European lessons from the Elevators Cartel
Despite being a relatively old cartel, the Elevators and Escalators Cartel has given rise to extensive litigation across Europe, which has been shaping the follow-on litigation landscape. Several landmark judgments stemming from this cartel – most recently a December 2019 decision from the Court of Justice of the European Union (CJEU) - now form an important set of case-law for claimants in damages actions. Ongoing cases have also set out important evidentiary thresholds impacting claims beyond the Elevators Cartel. We recap below.
On 21 February 2007, the European Commission imposed fines over €900 million on Otis, KONE, Schindler and ThyssenKrupp for having operated cartels for the installation and maintenance of elevators and escalators in Belgium, Germany, Luxembourg and the Netherlands (the Elevators and Escalators Cartel). Between 1995 and 2004, the cartelists rigged bids for procurement contracts, fixed prices and allocated projects to each other, shared markets and exchanged commercially important and confidential information. At the time, the Commission pointed out in its press release that the effects of this cartel could continue for twenty to fifty years as the cartelised installation resulted in a market distortion on the maintenance market as well, also operated by the cartelist.
In the ÖBB Infrastruktur AG judgment dated 5 June 2014, , the Court of Justice of the European Union (CJEU) confirmed that victims of cartels may claim compensation from cartelists for inflated prices paid to non-cartel members, or so-called “umbrella damages”. The CJEU held that even companies that have not bought products directly or indirectly from suppliers involved in the cartel, but which have paid higher prices to the cartelists’ competitors than would have been the case absent the cartel (because of the general softening of price competition in the relevant market), may be able to claim damages from the cartelists.
Losses caused on other markets
In a recent judgment dated 12 December 2019, relating to another referral to the CJEU from Austria, the CJEU provided further important guidance on compensation for indirect losses: parties who suffered indirect losses as a result of a cartel should be able to seek compensation for the harm suffered in civil and administrative jurisdictions. In a case brought before the Supreme Court of Austria, Land Oberösterreich (a regional authority) claimed damages arising from the loans it granted for the financing of building projects which were based on a percentage of the construction costs. The claimant reasoned that the cartel had increased elevator installation costs thus inflating overall construction costs as well as the total value of the loans granted. Absent the cartel, Land Oberösterreich would have granted smaller loans and could have invested the difference at the average interest rate for federal loans which would have been more profitable.
The question before the CJEU was whether or not persons operating in a different market, and not as suppliers or customers in the cartelised market, can obtain compensation for their indirect losses?
According to the CJEU, in order to ensure the effective application of Article 101 TFEU, any loss having a causal connection with an infringement of the EU competition law must be capable of giving rise to compensation, even if such loss arose in a separate market than the market affected by the cartel.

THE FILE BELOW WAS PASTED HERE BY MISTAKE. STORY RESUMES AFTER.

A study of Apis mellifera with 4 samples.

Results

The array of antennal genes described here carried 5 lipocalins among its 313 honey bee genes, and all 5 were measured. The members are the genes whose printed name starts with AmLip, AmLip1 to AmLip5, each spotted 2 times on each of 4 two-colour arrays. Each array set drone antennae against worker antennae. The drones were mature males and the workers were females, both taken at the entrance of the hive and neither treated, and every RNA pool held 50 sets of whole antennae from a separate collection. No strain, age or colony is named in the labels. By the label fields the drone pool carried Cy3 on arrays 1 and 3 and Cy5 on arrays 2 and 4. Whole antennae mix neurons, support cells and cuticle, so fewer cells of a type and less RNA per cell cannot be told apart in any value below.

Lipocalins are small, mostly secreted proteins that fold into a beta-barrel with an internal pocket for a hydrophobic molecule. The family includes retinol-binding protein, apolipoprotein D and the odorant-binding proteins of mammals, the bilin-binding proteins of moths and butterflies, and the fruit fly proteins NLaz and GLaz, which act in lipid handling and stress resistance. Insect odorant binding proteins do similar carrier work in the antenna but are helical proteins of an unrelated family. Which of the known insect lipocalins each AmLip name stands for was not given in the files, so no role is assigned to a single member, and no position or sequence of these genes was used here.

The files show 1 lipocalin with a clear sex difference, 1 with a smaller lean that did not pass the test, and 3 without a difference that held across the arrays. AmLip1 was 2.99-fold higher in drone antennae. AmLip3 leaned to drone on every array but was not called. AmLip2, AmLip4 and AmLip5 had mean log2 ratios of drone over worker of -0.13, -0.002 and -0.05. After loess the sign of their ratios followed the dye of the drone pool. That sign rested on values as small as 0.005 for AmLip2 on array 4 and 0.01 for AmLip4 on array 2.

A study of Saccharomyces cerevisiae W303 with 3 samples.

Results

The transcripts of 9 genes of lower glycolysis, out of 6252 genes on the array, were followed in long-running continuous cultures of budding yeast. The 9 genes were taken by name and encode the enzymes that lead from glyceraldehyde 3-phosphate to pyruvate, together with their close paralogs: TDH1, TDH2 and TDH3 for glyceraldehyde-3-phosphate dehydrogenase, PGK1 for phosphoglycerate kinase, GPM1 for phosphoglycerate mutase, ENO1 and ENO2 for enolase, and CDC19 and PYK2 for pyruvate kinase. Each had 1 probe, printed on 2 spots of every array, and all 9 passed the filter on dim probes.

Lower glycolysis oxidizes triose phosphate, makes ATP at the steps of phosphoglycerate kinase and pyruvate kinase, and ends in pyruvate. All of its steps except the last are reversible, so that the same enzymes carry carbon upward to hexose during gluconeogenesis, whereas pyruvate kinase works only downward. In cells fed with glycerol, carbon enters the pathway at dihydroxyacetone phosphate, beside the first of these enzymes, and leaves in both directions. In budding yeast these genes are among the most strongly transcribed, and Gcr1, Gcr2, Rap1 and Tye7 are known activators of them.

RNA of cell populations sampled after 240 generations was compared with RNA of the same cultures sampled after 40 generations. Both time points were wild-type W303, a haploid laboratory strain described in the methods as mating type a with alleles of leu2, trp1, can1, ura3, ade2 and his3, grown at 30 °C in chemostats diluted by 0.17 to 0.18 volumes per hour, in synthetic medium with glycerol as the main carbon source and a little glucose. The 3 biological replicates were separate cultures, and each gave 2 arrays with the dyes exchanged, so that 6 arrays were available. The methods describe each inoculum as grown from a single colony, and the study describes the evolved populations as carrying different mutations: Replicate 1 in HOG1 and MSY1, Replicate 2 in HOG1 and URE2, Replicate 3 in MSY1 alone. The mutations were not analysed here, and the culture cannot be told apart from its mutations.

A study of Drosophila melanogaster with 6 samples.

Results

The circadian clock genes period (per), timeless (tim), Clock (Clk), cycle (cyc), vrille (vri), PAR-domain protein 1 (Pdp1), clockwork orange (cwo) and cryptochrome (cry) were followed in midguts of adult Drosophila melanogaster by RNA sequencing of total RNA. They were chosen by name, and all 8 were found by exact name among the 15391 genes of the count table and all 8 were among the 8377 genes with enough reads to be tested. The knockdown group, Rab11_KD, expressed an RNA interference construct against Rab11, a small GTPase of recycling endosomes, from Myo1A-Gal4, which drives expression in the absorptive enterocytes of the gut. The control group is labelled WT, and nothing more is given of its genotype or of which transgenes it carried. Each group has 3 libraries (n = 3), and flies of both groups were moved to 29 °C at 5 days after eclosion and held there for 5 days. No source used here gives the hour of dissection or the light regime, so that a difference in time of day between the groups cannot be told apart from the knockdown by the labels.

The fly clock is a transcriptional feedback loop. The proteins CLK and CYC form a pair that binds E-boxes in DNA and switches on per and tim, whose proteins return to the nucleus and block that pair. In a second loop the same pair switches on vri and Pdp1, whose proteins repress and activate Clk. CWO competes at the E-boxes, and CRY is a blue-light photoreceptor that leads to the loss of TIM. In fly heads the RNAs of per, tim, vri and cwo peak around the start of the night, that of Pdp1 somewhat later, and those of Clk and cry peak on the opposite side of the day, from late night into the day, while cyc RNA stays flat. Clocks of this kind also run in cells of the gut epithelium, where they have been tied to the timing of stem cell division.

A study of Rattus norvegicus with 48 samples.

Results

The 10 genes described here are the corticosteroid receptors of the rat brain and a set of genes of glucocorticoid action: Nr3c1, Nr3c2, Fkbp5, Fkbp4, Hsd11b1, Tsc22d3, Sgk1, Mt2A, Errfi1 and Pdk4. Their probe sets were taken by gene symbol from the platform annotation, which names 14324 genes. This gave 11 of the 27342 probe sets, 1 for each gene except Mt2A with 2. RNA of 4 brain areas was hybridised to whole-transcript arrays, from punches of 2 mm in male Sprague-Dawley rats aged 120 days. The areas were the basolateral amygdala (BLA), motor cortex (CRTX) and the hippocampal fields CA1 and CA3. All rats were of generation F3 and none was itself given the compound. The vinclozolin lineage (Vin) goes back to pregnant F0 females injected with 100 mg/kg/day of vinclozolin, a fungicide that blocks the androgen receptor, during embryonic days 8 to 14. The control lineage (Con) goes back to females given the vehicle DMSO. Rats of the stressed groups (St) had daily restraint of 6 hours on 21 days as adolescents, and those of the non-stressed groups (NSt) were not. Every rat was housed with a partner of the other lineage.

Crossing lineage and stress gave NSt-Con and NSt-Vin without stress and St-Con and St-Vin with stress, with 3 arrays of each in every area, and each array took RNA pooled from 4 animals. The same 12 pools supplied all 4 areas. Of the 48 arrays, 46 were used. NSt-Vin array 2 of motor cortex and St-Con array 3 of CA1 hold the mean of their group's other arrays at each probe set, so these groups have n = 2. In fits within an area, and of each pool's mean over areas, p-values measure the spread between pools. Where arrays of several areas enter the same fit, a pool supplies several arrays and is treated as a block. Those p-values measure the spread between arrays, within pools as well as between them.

Evidence and causation
Follow-on cases stemming from the Elevators and Escalators Cartel have been occupying the Courts in Belgium and the Netherlands too, putting strong emphasis on the key issue of substantiation of damages. Interestingly, the European Commission itself brought a claim before the Brussels Commercial Court seeking damages for the maintenance of elevators in the EU institution buildings, giving rise to confirmation from the European Courts that, despite the Commission’s role in the investigation, it was nevertheless entitled, like any other person, to damages. Various operators brought claims in the Netherlands which are also ongoing.
Most of these are still in relatively preliminary stages (or at the appeal stage) and so far courts have put strong emphasis on the need to demonstrate the existence of a loss and quantify it, notwithstanding the rebuttable presumption of harm introduced by the Damages Directive. These cases will no doubt provide very interesting guidance for any follow-on claims.
Whilst to date, most competition damages claim have been initiated by direct or indirect customers of cartelists, more claims may follow in connected markets in light of the recent CJEU judgment. However, the recognition of umbrella damages had also been seen in the past as opening the floodgate to indirect cartel damages claims, when in fact the practical effect has been modest. CJEU findings are indeed only a first step towards effective compensation and national courts are the gatekeepers, setting out the required thresholds to assess the existence, extent, and causal link of cartel losses.
 In 2008, the Austrian authorities also imposed fines on a number of the same companies for operating a cartel in Austria in respect of the same market.
 The judgment followed a preliminary reference to the CJEU filed in December 2012 by Austria’s Supreme Court in a follow-on damages claim brought by ÖBB Infrastruktur AG (C-557/12 Kone AG and Others v ÖBB-Infrastruktur AG, ECLI:EU:C:2014:1317).
 C-435/18 Otis Gesellschaft m.b.H. and Others v Land Oberösterreich and Others, ECLI:EU:C:2019:1069
 C-199/11 Europese Gemeenschap v Otis NV and Others, ECLI:EU:C:2012:684
 Directive 2014/104/EU, OJ L 349, 5.12.2014
 Or, to a lesser extent given the number of purchasing cartels, suppliers.